The 0.7%

Dusk on Barkeval

No, this post isn’t about wealth inequality. It’s about daylight inequality.

Today is the day of the spring equinox. For the past three months, the days have gradually been getting longer, and from tomorrow, the sun finally starts to spend more time above the horizon than below it*.

It’s also the day when everyone in the world enjoys a day of approximately equal duration. But from tomorrow onwards until the autumnal equinox in September, the further north you are, the longer your days will be, in the sense that the sun will spend more time above the horizon.

I wondered where Edinburgh, where I live, fits into this scale of day lengths. For the next six months, we’ll have longer days than anyone living south of us. What fraction of the world’s population is that?

I estimate that, over the coming summer, we’ll have longer days than roughly 99.3% of the world’s population.

I was very surprised at how large this number is. And delighted too: it somehow seems to make up for the seemingly endless dark dreich dampness of the Scottish winter.

The calculation

Rather than counting the number of people who live south of Edinburgh, it’s easier to count the much smaller number who live further north.

There are a few countries that are wholly north of Edinburgh, namely Finland, Norway, Latvia, Estonia, Iceland, the Faroes, and Greenland. There are some countries that are partially north of Edinburgh: Sweden, Denmark, and Lithuania. And then there is Russia, which spans a vast range of latitudes, but which has relatively few cities north of Edinburgh, of which the largest and/or most well known are St Petersburg, Nishny Novgorod, Perm, Yekaterinburg, Tomsk, Archangelsk, and Murmansk (though I counted a few more). There’s one state of the USA: Alaska. Finally we have Aberdeen, Inverness, Dundee and Perth, the main centres of population further north in Scotland.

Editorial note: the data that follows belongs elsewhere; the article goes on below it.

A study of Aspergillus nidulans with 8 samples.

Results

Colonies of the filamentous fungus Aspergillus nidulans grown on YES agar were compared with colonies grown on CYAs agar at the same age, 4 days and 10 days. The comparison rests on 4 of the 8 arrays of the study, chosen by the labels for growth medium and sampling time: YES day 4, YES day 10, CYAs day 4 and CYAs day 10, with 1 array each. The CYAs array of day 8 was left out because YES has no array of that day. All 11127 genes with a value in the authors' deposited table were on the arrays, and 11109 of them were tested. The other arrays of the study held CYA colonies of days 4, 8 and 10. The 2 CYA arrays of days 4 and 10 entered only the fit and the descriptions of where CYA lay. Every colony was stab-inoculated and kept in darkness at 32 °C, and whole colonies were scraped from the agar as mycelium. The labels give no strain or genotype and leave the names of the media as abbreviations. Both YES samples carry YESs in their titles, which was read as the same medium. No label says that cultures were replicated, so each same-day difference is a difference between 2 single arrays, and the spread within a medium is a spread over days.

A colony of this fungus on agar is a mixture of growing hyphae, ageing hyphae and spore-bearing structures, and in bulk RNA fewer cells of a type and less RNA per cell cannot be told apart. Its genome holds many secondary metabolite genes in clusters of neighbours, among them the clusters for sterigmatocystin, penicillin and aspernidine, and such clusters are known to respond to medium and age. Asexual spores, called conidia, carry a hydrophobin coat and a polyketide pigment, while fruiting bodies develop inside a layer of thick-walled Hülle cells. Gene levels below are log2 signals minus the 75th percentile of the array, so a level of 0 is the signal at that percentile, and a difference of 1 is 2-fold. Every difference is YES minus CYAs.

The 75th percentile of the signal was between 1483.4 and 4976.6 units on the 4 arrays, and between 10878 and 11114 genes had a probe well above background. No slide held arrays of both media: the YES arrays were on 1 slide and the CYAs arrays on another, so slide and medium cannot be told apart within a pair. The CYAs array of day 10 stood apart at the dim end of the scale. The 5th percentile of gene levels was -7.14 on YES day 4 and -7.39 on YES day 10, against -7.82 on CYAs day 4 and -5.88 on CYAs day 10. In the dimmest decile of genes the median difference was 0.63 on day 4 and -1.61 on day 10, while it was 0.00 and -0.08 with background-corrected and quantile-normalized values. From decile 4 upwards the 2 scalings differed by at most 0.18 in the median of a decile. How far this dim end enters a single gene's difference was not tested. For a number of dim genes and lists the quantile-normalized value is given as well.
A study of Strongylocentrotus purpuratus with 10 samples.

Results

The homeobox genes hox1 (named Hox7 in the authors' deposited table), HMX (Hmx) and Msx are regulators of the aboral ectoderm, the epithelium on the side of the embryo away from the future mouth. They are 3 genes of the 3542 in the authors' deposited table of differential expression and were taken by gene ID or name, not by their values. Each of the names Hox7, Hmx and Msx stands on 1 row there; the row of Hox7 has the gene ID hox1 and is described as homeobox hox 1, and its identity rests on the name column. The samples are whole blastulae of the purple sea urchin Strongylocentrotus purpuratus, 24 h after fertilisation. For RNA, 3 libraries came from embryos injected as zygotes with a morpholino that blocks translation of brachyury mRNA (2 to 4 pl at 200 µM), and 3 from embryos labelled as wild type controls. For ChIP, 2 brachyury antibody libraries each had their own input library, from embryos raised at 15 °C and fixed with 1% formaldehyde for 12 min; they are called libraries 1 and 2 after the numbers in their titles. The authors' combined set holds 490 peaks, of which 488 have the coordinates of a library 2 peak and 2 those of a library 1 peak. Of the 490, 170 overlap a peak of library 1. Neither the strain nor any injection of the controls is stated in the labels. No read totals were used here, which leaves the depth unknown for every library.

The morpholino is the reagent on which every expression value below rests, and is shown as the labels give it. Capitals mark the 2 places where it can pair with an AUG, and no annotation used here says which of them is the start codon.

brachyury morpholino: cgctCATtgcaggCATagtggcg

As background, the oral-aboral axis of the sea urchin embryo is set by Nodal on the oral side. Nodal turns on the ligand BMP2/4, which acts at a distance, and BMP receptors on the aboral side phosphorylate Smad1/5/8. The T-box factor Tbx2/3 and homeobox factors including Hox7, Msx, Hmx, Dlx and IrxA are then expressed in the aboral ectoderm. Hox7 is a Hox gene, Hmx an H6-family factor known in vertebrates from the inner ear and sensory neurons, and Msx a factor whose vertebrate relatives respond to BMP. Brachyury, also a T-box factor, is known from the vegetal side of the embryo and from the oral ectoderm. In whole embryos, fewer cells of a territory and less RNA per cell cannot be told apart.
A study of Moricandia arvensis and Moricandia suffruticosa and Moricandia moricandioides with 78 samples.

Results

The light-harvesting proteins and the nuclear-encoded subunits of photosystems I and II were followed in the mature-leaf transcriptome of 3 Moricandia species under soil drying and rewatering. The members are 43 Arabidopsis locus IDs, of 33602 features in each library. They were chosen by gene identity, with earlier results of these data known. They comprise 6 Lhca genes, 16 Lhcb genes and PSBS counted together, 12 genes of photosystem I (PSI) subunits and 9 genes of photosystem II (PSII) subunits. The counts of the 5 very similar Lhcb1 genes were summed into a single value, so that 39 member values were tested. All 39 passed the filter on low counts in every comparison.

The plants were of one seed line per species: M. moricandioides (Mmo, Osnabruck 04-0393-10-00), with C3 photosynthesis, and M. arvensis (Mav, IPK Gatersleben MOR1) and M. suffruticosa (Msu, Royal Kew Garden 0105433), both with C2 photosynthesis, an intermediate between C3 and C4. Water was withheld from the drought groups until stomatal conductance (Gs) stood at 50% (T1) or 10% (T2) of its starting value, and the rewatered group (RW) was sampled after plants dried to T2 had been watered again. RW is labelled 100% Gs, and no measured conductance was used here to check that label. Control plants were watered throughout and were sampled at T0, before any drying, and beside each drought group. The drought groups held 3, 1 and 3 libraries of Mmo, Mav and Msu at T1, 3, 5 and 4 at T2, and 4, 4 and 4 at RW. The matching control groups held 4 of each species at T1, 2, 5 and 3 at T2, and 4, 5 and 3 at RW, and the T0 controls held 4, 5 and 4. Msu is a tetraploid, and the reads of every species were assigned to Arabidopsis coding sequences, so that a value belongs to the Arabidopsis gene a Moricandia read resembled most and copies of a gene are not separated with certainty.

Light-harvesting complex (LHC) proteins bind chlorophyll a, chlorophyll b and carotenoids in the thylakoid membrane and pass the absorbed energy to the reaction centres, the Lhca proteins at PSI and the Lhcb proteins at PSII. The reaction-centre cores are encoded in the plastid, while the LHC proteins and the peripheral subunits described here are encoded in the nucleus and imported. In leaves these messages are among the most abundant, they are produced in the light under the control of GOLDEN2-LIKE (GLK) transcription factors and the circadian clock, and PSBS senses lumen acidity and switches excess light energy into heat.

To roughly compensate for the fact that these counts don’t cover minor centres of population, and that the northern part of Moscow probably overlaps somewhat with Edinburgh, I included the whole of Sweden, Denmark and Lithuania in the sum, despite the fact that the countries have major towns that are south of Edinburgh.

When I added it all up, it came to just under 44 million people living north of Edinburgh, against a world population at the time (I actually did the sums a few years ago) of 6.8 billion. Expressed as a percentage, 99.35% of the world’s population live south of Edinburgh, which I’ll round to 99.3% to avoid overstating my case.


*Actually, the sun appears to be above the horizon even at times when, geometrically speaking, it is slightly below it. This is because the light rays are refracted by the atmosphere and so travel in slight curves rather than straight lines.